Last night we drove to Springbrook, southwest of Red Deer, to attend the 2009 Taylor Award presentation ceremony. The recipient was Richard’s sister, Susan Hall.
The Taylor Award was established in 2001, the International Year of Volunteers, and is presented annually to an outstanding prison volunteer by Corrections Services Canada. The award was named after Dr. Charles Taylor and his wife, Charlotte, of Wolfville, Nova Scotia for their lifetime dedication to faith-based counselling with offenders in both correctional facilities and the community and for Dr. Taylor’s contribution to the development of prison ministry education.
Sue was nominated for the award by the Prairie region, one of five regions across Canada, and was subsequently selected as last year’s winner. She was instrumental in bringing the Christopher Leadership Course to the Bowden Penitentiary in 1991 and over the past 18 years has taught the course to 29 classes of inmates. The 10 week course, taught by dedicated volunteers, focuses on building confidence and communication skills through public speaking. While Sue received many accolades during last evening’s event, the most meaningful were the testimonials given by three inmates who were allowed to attend under supervision. They spoke eloquently of the difference that Sue and the skills that she taught them have made in their lives.
In addition to proudly celebrating a sister’s accomplishments, we enjoyed a couple of unexpected surprises last night. During the initial meet and greet we began chatting with a woman who is a director of the John Howard Restorative Justice program in Truro, Nova Scotia. We happened to mentioned our visit to Mahone Bay last summer. The conversation went something like this:
She: Oh, you know Mahone Bay!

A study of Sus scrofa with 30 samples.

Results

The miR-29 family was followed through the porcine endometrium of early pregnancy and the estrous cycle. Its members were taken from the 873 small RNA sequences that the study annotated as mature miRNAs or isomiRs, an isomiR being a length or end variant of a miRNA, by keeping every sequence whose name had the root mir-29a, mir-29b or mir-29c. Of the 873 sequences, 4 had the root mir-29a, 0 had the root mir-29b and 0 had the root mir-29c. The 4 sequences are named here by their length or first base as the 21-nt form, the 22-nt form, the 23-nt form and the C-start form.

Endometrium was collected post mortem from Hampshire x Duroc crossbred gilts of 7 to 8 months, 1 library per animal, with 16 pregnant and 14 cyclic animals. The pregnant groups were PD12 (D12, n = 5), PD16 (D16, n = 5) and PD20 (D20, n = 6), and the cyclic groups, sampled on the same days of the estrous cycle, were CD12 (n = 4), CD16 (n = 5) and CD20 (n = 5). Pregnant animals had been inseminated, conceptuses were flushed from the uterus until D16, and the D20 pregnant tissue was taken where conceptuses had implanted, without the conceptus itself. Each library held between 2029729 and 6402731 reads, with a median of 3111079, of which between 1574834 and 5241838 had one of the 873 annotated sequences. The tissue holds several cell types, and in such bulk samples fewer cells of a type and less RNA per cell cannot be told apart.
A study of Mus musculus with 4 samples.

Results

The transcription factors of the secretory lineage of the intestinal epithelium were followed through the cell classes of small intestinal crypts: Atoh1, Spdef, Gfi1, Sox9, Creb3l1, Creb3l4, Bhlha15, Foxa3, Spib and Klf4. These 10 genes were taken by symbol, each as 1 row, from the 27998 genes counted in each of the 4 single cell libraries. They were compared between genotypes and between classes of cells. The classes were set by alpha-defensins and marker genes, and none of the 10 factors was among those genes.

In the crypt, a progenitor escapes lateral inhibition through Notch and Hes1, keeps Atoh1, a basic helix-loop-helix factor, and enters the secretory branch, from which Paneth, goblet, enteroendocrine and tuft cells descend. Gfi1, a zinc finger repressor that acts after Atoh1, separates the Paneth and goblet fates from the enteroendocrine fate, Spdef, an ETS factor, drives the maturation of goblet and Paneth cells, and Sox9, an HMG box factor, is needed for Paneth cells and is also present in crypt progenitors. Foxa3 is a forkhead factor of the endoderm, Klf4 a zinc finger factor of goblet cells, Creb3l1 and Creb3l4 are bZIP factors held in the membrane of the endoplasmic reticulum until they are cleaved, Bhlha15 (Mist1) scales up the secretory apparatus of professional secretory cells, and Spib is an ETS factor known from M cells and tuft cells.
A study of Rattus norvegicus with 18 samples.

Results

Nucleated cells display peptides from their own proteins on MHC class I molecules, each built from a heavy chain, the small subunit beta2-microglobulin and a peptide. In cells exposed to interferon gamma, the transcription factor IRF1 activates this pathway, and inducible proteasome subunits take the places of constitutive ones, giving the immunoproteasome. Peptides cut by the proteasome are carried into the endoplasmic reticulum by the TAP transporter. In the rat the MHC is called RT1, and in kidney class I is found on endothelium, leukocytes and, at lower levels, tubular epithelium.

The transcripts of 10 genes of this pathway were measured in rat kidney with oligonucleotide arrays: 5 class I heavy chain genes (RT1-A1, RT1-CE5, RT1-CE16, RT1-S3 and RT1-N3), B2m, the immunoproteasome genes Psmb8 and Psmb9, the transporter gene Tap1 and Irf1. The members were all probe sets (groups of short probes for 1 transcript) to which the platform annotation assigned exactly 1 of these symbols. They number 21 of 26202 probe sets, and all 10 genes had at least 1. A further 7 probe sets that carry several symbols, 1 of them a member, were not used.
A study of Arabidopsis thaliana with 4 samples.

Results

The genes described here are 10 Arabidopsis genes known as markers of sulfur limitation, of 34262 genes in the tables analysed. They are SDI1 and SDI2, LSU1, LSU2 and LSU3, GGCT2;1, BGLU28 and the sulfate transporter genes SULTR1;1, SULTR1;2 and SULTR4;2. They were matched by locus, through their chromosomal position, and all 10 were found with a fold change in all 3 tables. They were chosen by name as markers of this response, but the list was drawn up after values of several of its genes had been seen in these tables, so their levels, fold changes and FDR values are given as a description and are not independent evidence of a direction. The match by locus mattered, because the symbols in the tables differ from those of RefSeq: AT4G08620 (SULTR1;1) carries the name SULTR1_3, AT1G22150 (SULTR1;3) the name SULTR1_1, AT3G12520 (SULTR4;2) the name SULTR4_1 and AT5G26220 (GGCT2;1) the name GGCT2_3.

Richard: Yes, we were actually visiting friends who live at Indian Point.
She: Indian Point! What part?
Me: Right out on the point next to the water.
She: Oh my goodness! What are their names?
As I began to tell our pen pal story (see my posts of June 19 to July 2, 2009), we quickly learned that her mother is Myrna and Ron’s close neighbour, that she knew we had visited last summer and that she thought she’d actually seen us while she and her family were loading their boat in preparation for their annual excursion to their cottage on one of the islands off the point! Amazing!
Then, a little while later, as we stood in line at the buffet table we were next to a couple of tables of seniors dressed in white shirts and green vests. They were the choir who would entertain a little later in the evening. I noticed one of the lady’s name tags and was surprised to find that I recognized the name! Looking more closely, I realized that she was indeed someone I knew, a lady who had been part of the music ministry team in our church for many years! She and her husband moved to Olds more than ten years ago and I hadn’t seen her for several years. It is indeed a small world!